These Genetically Engineered Bacteria Might Make Your Acne Disappear
The results are preliminary but could usher in a wave of microbiome-based skin treatments.
In the pursuit of beautifully blemish-free skin, many of us may go off the beaten path, spraying a zit with Windex (thanks, My Big Fat Greek Wedding) or the pricer option of slinging 24 karats of gold (yes, actual gold) on our faces. We don’t recommend either of these. A more recent trend has folks microdosing on Accutane, also known as isotretinoin, an oral acne medication that isn’t without serious side effects.
But for those preferring something a bit more avant-garde, researchers in Europe have engineered a “smart” bacteria capable of producing acne-fighting chemicals.
Called Cutibacterium acnes, this bacteria is normally found colonizing our skin, predominantly in areas rich with sebaceous (or oil-producing) glands. While it’s an opportunistic pathogen that doesn’t take kindly to having its genome altered, scientists figured out a way to get the bacteria to produce a molecule called neutrophil gelatinase-associated lipocalin (NGAL), which controls sebum production. Scientists validated this ability in experiments with sebaceous cells in Petri dishes and then applied the bacteria to the skin of mice.
The findings were published this week in the journal Nature Biotechnology.
“We have developed a topical therapy with a targeted approach, using what nature already has. We engineered a bacterium that lives in the skin and make it produce what our skin needs,” Nastassia Knödlseder, the study’s first author and a postdoctoral researcher at the Universitat Pompeu Fabra in Spain, said in a press release. “Here, we focused on treating acne, but this platform can be extended to several other indications.”
While sebum produced by sebaceous glands keeps the skin moist, it can plug up hair follicles and cause acne when it mixes with dead skin cells and bacteria. Broad-spectrum antibiotics are often prescribed for severe cases of acne; however, because these drugs can’t discriminate between good and bad microbes, this can lead to harmfully disrupting the skin microbiome.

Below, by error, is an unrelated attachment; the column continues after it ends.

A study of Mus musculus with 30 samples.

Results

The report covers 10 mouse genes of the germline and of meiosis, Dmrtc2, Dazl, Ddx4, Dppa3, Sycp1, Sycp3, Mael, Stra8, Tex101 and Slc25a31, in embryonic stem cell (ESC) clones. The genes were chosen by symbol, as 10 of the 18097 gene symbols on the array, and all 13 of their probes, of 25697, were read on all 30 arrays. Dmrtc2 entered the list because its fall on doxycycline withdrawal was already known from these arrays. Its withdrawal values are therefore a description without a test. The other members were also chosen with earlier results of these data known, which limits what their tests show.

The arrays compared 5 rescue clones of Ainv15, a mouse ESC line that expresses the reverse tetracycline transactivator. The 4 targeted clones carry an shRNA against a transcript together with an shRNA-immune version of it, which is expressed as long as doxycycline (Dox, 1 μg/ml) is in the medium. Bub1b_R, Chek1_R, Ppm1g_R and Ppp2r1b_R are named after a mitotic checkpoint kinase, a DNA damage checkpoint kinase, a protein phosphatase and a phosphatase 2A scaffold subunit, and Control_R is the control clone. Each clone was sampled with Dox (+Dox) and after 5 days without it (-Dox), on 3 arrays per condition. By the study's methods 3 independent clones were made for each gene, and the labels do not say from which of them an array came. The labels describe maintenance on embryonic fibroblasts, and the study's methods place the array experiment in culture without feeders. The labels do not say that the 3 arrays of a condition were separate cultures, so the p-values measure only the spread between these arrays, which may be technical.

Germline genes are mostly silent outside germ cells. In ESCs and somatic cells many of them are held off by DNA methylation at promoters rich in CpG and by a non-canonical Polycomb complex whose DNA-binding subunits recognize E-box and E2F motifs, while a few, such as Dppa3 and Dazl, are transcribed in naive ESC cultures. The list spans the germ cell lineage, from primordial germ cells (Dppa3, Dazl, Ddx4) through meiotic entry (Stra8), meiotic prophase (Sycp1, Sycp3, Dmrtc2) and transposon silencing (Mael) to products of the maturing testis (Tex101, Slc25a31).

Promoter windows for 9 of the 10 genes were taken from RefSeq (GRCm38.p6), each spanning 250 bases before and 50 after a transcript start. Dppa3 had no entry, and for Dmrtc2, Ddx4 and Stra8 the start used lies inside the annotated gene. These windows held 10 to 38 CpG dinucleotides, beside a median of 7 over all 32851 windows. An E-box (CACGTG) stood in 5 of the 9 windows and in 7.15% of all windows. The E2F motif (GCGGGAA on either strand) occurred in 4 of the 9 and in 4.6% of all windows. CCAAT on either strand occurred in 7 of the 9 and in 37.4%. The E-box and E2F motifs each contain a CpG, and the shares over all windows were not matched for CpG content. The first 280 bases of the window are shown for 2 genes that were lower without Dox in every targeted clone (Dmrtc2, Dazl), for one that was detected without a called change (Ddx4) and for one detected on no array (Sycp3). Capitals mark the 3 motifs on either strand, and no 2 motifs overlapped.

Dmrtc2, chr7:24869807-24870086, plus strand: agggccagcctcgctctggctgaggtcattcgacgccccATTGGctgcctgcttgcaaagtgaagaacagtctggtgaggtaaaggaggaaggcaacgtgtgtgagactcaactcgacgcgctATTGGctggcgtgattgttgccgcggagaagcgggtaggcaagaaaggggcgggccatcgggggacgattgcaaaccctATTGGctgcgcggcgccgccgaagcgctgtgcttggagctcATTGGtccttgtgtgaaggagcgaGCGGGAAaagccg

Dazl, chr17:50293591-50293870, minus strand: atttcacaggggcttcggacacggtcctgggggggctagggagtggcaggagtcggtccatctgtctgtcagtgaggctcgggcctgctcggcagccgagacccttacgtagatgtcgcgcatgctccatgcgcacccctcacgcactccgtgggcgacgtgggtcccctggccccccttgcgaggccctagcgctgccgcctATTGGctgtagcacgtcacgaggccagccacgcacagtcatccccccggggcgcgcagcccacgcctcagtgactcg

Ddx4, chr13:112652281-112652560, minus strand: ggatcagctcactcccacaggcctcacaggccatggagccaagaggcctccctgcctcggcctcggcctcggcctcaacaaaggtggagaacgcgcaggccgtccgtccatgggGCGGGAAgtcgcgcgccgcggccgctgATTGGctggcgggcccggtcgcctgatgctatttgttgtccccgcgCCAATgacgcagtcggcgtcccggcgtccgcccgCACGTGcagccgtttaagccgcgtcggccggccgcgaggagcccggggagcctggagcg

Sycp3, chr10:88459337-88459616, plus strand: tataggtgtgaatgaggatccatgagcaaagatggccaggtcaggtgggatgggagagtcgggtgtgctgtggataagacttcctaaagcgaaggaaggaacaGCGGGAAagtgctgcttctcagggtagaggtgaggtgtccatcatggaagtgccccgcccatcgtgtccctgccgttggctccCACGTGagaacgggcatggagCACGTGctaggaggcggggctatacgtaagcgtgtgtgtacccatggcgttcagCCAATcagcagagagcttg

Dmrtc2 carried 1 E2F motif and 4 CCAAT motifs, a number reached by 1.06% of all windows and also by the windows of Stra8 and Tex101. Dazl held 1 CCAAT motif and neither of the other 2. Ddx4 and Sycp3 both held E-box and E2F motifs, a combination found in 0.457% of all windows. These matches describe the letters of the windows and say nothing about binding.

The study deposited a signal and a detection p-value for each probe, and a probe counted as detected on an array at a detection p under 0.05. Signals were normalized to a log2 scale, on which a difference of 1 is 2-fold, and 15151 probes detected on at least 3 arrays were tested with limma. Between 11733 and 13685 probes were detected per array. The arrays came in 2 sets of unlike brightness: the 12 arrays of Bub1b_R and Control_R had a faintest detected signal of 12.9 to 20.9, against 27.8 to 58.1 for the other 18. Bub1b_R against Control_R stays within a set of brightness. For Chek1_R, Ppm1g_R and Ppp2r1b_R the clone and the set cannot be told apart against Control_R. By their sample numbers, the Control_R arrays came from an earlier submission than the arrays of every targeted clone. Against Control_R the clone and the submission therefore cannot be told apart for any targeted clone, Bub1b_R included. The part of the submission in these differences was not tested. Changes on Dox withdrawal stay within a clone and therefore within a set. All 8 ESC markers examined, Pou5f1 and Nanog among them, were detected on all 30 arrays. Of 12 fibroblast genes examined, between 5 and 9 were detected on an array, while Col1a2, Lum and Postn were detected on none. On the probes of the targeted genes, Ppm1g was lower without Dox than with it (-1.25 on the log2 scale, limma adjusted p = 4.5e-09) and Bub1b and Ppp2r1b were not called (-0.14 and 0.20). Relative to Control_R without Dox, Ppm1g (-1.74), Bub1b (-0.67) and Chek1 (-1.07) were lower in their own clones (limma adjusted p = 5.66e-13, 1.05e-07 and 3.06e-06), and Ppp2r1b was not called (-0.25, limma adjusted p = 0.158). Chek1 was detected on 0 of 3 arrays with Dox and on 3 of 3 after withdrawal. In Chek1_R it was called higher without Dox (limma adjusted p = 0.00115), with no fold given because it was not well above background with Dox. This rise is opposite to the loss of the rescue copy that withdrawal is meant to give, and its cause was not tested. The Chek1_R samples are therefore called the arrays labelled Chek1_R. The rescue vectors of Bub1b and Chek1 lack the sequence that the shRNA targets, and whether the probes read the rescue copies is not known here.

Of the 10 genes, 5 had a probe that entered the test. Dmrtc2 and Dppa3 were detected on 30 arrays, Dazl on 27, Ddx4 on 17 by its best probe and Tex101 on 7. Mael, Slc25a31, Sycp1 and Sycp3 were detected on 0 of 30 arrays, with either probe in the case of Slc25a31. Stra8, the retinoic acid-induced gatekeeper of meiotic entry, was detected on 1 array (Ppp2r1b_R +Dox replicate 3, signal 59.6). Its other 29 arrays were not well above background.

On the other hand, Accutane, a form of vitamin A, culls sebum-producing skin cells (called sebocytes) by increasing levels of NGAL on the skin. Some studies indicate that the drug may help promote a more beneficial skin microbiome. Yet, a problem with Accutane is that it comes with some serious side effects, such as skin dryness, risks to pregnant individuals, and, in certain less-common situations, night blindness and muscle or joint pain.
Since Cutibacterium acnes is a regular denizen of the skin microbiome, and other studies have found that different strains may have favorable, nurturing properties, Knödlseder and her colleagues tried their hand at shaping the bacteria into a possible microbiome-based therapy for acne.
To do that, the researchers used a variety of genetic engineering techniques to insert the gene for NGAL into Cutibacterium acnes’ genome. After they found the newly transformed bacteria wasn’t toxic to human skin cells, they tested whether it actually produced NGAL by mingling Cutibacterium acnes with sebocytes. Sebum production was significantly decreased, the researchers write in their paper, comparably to sebocytes exposed to Accutane.
But would the genetically engineered bacteria take to actual skin? Knödlseder and her colleagues applied their Cutibacterium acnes on the backs of mouse skin and found the bacteria thrived for a number of days with no problem.
This study is still in its early stages and requires further research, especially in human subjects. However, the researchers are hopeful that their work adds to the rapid frontier of microbiome engineering and microbiome-based therapeutics to target disease and enhance human health.
“We have developed a technology platform that opens the door to editing any bacteria to treat multiple diseases,” Marc Güell, a research professor at the Universitat Pompeu Fabra who led the study, said in the press release. “We are now focused [on] using C. acnes to treat acne, but we can deliver genetic circuits to create smart microbes for applications related to skin sensing or immune modulation.”